The Turnbo Manuscripts

by Silas Claiborne Turnbo


The following old time sketch was given me by Mr. William A. Eoff, a pioneer of Crooked Creek in what was once known as Carroll County, Arkansas, but now cut off into Boone County.

It has been already stated in another sketch that Uncle Billy came to that section when but very few were living there, and when he gets into a reminiscent mood it is entertaining to listen to his old time stories. His hair and beard have grown white from age and he is quite feeble. One day while talking of wolves he said, "This reminds me of the early settlement of Crooked Creek when they were so numerous there and on Buffalo that they destroyed sheep and hogs by wholesale and left the retail slaughter for other animals to do. They were so destructive to domestic animals that a bounty of five dollars was paid for every wolf in that section. The settlers shot and poisoned them at every opportunity. A few built pens constructed of logs and set with large stout triggers. They kept these wolf pens well baited and large numbers were trapped in this manner. But the most successful method of catching wolves was by means of a natural pit on Well’s Creek which flows into Buffalo from the north side. The cave is in Newton County, Arkansas, and goes down between perpendicular rock walls for 40 feet; it is about 8 feet long and 6 feet wide. The settlers covered the mouth of the cavern with poles and placed a trap door over the center of the opening and kept fresh meat on it.

When a wolf or other animal stepped on the door it swung down and the intruder was hurled to the bottom below. In most cases they were killed outright from the fall. From this account you can imagine how numerous and troublesome these obnoxious animals were to us.

"Now," said this old gray headed veteran settler, as a beam of bright recollection flitted through his mind, "I am going to tell you a little incident that may chance to be of some interest.

"Near the head of Wells Creek is a tall hill called Pinnacle Mountain. Near this high eminence was once a noted deer lick which embraced about ¾ of an acre of land. Large numbers of deer frequented there day and night, and settlers and wolves went there too to obtain venison. It was sometimes the case that hunters, wolves and deer met there together and a disturbance followed. In the course of time the settlers built a stone tower several feet high with a small room inside and port holes through the wall to shoot through. A platform of rocks was prepared on top where a good light was kept of dark nights. The tower was 40 yards from the edge of the lick. From the room mentioned where hunters were stationed hundreds of deer were shot from time to time. One evening in 1842, Billy Eoff, an uncle of mine, and Bill Stroud went to the lick. A large number of deer, as usual, collected there after dark. At the report of the rifles the deer would shy off a few steps, then return to the lick again.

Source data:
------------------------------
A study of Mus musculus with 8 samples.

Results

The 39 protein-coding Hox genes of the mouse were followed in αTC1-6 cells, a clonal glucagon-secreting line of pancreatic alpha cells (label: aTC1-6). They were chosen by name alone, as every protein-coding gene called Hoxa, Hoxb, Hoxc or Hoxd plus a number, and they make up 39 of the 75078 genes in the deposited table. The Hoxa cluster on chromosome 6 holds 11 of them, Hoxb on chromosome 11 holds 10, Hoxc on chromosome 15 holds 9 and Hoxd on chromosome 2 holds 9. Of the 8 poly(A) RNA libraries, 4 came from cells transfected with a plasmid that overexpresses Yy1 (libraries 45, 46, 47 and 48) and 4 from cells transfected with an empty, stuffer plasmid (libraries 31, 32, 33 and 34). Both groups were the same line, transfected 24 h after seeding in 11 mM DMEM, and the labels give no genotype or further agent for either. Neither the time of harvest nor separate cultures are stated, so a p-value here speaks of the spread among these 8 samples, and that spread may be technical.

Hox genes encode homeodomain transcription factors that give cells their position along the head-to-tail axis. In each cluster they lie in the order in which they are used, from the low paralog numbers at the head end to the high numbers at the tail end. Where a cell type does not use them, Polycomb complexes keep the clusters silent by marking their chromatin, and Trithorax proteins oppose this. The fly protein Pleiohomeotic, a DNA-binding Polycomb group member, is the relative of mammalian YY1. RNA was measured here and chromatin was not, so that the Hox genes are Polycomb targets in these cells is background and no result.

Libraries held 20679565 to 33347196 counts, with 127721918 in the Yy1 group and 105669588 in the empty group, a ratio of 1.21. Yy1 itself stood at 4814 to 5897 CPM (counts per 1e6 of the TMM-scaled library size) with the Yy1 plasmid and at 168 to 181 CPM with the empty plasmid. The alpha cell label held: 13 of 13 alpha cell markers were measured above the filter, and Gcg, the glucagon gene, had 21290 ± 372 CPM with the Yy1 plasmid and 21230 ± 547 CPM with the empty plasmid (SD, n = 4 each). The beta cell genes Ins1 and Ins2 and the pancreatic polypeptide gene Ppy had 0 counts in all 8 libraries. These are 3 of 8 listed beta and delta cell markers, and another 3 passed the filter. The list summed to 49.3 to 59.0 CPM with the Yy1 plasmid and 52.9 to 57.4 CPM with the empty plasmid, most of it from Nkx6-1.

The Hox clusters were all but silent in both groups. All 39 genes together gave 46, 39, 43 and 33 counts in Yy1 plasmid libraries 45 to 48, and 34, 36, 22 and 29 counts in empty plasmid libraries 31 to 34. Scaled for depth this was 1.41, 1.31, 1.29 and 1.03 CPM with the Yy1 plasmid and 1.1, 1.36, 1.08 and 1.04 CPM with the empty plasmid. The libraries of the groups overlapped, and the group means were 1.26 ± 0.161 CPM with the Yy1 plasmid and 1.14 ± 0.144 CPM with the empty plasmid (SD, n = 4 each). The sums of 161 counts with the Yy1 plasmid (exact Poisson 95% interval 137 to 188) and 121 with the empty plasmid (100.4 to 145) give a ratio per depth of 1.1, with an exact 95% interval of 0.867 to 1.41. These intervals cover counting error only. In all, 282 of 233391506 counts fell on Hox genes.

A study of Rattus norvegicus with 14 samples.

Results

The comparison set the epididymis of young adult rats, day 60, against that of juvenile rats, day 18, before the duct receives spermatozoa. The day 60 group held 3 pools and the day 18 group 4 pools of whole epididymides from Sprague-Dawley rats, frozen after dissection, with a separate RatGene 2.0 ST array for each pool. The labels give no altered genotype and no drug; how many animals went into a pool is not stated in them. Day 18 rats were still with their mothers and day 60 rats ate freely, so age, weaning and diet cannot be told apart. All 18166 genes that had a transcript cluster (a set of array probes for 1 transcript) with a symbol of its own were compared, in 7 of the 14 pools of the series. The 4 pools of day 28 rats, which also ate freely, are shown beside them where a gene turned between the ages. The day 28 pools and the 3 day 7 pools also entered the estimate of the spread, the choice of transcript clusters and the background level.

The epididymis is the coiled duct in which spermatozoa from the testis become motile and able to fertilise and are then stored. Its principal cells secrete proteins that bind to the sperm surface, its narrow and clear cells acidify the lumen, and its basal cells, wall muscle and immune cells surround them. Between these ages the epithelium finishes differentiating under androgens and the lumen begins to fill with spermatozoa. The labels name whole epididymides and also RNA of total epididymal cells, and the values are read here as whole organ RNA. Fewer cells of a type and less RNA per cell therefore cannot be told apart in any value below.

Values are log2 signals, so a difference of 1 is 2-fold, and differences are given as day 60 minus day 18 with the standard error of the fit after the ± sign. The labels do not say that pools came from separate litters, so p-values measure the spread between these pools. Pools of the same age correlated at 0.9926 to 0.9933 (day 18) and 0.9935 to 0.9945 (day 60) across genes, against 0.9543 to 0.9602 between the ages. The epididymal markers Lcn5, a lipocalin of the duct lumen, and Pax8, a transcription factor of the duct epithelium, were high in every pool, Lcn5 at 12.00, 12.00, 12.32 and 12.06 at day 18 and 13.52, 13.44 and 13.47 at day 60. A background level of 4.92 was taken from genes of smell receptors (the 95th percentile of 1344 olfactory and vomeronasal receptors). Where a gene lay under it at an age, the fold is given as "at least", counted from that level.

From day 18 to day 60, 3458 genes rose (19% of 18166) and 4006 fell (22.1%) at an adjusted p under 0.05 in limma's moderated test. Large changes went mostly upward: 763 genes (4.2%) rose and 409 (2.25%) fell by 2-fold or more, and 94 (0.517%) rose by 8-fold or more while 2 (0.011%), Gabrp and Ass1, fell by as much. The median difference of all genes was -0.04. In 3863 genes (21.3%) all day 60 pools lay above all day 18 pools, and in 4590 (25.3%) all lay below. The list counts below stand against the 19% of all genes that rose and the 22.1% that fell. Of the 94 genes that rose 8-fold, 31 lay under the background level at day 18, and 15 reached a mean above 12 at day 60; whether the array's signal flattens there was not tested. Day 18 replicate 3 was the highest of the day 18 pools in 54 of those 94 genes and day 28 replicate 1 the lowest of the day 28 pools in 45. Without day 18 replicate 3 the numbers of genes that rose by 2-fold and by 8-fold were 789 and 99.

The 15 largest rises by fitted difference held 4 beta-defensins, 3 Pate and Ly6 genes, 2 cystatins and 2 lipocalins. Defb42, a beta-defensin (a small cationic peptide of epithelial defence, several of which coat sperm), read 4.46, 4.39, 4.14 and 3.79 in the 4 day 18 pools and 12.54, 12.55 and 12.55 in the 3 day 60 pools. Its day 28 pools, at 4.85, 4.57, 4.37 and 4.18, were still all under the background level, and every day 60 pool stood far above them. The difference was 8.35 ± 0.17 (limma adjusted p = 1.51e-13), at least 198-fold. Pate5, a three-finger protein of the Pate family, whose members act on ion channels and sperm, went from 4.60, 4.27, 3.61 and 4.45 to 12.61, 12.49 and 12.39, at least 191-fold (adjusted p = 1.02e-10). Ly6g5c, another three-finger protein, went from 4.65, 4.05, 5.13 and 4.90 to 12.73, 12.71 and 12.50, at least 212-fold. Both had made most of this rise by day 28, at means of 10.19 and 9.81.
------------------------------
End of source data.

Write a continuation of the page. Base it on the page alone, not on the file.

"They killed 13 during the night but they did not all fall on the lick ground. A few ran 20 or 30 yards before they fell. The wolves did not molest the lick until just before day when a small gang approached and scared the remaining deer away. The wolves were ravenous and flew onto some of the dead deer that were lying on the lick ground. They made a great noise while devouring them. They fought, growled and gnashed their teeth together. The hunters as they viewed them in the zone of firelight, through the port holes in the tower, fairly quailed with fear. They dared not shoot at them for fear other wolves would come and make a combined attack on the tower and pull it down and then attack the hunters. Thus they looked on at the destruction of their game. As day was breaking the wolves got their fill and departed without thanking the hunters for the grand feast of venison they had enjoyed. But Stroud and Eoff were glad to see the wolves go away without thanks and did not sally forth from their concealment until broad daylight, and then found that there was hardly a remnant left of three of the deer and some of the remaining ones were so mutilated that their hides were ruined."